Decisions, Decisions

Somehow, we’re at the beginning of November. The cross country season is all but over and our mornings are now starting in the 20s. I’m confident I’ve had my last run in shorts and I’m confused by the time change over the past weekend. I loved walking out the door at 6:10 to light this morning, but I’m struggling to stay awake in the evenings. Keeping up with running in medical school is challenging, to say the least. There is significant pressure to study all the time and taking an hour off to run every day makes me worry that I’m falling behind on the ever-present new material. As such, I have good weeks of running where I get in 60 miles and bad weeks where I don’t crack 30. I’m working on being okay with that fact.

It’s hard to focus on mileage right now for another reason, namely that I’m staring down the reality of needing another surgery. Back in the spring, I had a repeat EMG on my foot because I was having numbness again. It turns out that my tibial nerve really doesn’t work that well, which explains my odd footstrike on my left foot, recurrent numbness and why speed work has felt so awkward over the past year. I met with the surgeon in October and it seems that to meet my current performance goals, I need surgery first. I’m struggling far more with this decision than with the decision to have compartment syndrome surgery. With my CS, it was urgent and I was young enough that I felt like I had many years of my best running ahead of me. With this surgery, however, I find myself wondering if another surgery (plus the recovery, plus 6 weeks of sub-q blood thinner, plus risks) is really worth it. Will I have time to recover, rebuild and try again at my OT time before the natural slowing of aging sets in? How long will my recovery and return to competition be? Do I even have time to train at the level required for an OTQ while I’m in medical school?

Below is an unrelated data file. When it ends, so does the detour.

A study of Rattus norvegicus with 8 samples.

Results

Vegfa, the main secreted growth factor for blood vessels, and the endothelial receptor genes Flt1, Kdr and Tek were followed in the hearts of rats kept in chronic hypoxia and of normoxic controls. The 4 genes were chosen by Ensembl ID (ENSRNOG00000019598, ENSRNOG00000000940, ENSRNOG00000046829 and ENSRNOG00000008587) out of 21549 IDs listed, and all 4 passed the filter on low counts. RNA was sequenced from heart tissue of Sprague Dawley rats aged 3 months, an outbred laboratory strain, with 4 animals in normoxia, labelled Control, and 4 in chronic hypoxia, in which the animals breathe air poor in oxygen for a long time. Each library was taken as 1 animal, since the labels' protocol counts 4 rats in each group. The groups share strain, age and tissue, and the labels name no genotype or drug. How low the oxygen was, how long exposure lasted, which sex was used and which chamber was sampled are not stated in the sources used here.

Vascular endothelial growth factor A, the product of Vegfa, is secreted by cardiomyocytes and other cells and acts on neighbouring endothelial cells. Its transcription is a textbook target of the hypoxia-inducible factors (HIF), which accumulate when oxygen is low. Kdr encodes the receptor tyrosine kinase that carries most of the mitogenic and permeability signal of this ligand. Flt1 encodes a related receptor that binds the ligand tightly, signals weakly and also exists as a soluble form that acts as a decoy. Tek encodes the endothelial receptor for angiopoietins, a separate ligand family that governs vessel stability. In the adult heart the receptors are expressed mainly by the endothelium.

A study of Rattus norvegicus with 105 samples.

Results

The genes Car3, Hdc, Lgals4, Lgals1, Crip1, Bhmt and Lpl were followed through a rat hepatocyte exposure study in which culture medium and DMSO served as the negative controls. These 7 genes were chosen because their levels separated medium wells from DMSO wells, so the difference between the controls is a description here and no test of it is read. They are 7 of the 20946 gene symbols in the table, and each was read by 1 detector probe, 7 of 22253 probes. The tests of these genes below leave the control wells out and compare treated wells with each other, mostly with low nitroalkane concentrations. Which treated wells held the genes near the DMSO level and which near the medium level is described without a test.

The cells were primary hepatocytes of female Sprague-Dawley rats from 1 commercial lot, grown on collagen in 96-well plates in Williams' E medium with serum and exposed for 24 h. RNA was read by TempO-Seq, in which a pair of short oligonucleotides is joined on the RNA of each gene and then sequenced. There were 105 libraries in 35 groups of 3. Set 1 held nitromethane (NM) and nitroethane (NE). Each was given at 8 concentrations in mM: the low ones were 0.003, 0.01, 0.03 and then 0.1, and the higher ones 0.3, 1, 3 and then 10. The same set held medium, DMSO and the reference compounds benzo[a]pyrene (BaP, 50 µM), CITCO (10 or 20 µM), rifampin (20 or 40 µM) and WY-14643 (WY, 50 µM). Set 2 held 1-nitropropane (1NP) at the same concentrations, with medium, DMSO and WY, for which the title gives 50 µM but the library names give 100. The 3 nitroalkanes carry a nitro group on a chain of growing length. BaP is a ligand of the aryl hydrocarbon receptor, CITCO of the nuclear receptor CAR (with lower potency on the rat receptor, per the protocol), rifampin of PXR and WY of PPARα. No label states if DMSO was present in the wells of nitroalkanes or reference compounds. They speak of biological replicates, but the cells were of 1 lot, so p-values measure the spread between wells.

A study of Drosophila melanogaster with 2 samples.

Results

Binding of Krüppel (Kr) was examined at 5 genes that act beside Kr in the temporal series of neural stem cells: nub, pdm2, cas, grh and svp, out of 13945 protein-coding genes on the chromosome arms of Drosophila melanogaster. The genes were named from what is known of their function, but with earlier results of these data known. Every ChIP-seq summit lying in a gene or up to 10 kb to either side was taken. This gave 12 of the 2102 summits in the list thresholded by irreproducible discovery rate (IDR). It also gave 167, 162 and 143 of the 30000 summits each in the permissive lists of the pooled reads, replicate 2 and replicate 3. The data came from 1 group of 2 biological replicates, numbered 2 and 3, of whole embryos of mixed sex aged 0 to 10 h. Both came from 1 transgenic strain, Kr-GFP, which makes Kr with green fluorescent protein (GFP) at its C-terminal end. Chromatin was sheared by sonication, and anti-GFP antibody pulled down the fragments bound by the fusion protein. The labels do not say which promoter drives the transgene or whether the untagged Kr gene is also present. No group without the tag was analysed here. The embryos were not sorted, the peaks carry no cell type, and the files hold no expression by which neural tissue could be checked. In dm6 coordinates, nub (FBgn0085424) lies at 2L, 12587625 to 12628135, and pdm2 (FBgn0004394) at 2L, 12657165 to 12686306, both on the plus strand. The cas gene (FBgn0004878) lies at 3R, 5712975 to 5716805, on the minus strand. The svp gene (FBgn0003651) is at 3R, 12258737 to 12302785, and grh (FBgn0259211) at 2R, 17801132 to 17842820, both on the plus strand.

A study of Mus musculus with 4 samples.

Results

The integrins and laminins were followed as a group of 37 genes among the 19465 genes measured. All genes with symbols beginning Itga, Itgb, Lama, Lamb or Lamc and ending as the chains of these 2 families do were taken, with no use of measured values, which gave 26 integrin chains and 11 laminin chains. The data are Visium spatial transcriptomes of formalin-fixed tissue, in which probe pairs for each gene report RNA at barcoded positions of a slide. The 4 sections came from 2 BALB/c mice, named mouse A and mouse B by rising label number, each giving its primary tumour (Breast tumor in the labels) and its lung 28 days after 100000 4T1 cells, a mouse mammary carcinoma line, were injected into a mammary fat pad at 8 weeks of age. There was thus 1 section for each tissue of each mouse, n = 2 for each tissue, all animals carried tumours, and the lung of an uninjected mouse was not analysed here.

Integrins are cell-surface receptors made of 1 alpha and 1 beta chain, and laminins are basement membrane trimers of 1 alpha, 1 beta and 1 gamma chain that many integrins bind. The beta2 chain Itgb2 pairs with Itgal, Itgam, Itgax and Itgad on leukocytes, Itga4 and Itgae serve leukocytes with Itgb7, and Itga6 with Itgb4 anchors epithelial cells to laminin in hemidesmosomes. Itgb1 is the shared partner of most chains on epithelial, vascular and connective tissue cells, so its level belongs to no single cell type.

If I don’t have surgery, the biggest risks are permanent damage to the nerve and curling of the toes as the intrinsic muscles of my foot stop functioning. The prognosis for tarsal tunnel surgery is generally good, with about 2 weeks on crutches followed by 4 weeks in a boot. Dr. Charlson (who did all three of my husband’s surgeries) feels confident that with surgery just before New Years, I could be competitive by the fall. With my track record of healing, Will and I think a half marathon for the fall is probably more realistic than Chicago. Since we have Summer 2014 off from classes, that is a huge opportunity for me to log serious miles and see how close to the OT standard I can get in the half marathon.

For now, I’m moping around and alternate between good run days and bad run days. I change my mind on surgery multiple times in a day, even multiple times on a run depending on whether I can feel my foot or not. I’m hoping to have it figured out in the next couple of weeks so that I can plot both my path leading up to surgery and try to come up with a plan for coming back (again).

One thought on “Decisions, Decisions

  1. Ryan

    I doubt you would have logged the miles and time needed to be as fast as you are if an OT qualifying time was the only reason you run. You clearly get more out of running than just meeting time goals. Putting aside the concerns about the length of a competitive running career (although you are young enough to have a bunch of “fast” years left), it would suck to not be able to run at any level 5-6 years from now or to have a bigger, more invasive procedure done in a few years if you could have fixed the problem now. Those are just the thoughts of a 35 year old hobby fitness/running enthusiast. The thought of not being able to run or lift (regardless of whether or not it is at a highly competitive level or not) would make surgery a no-brainer for me.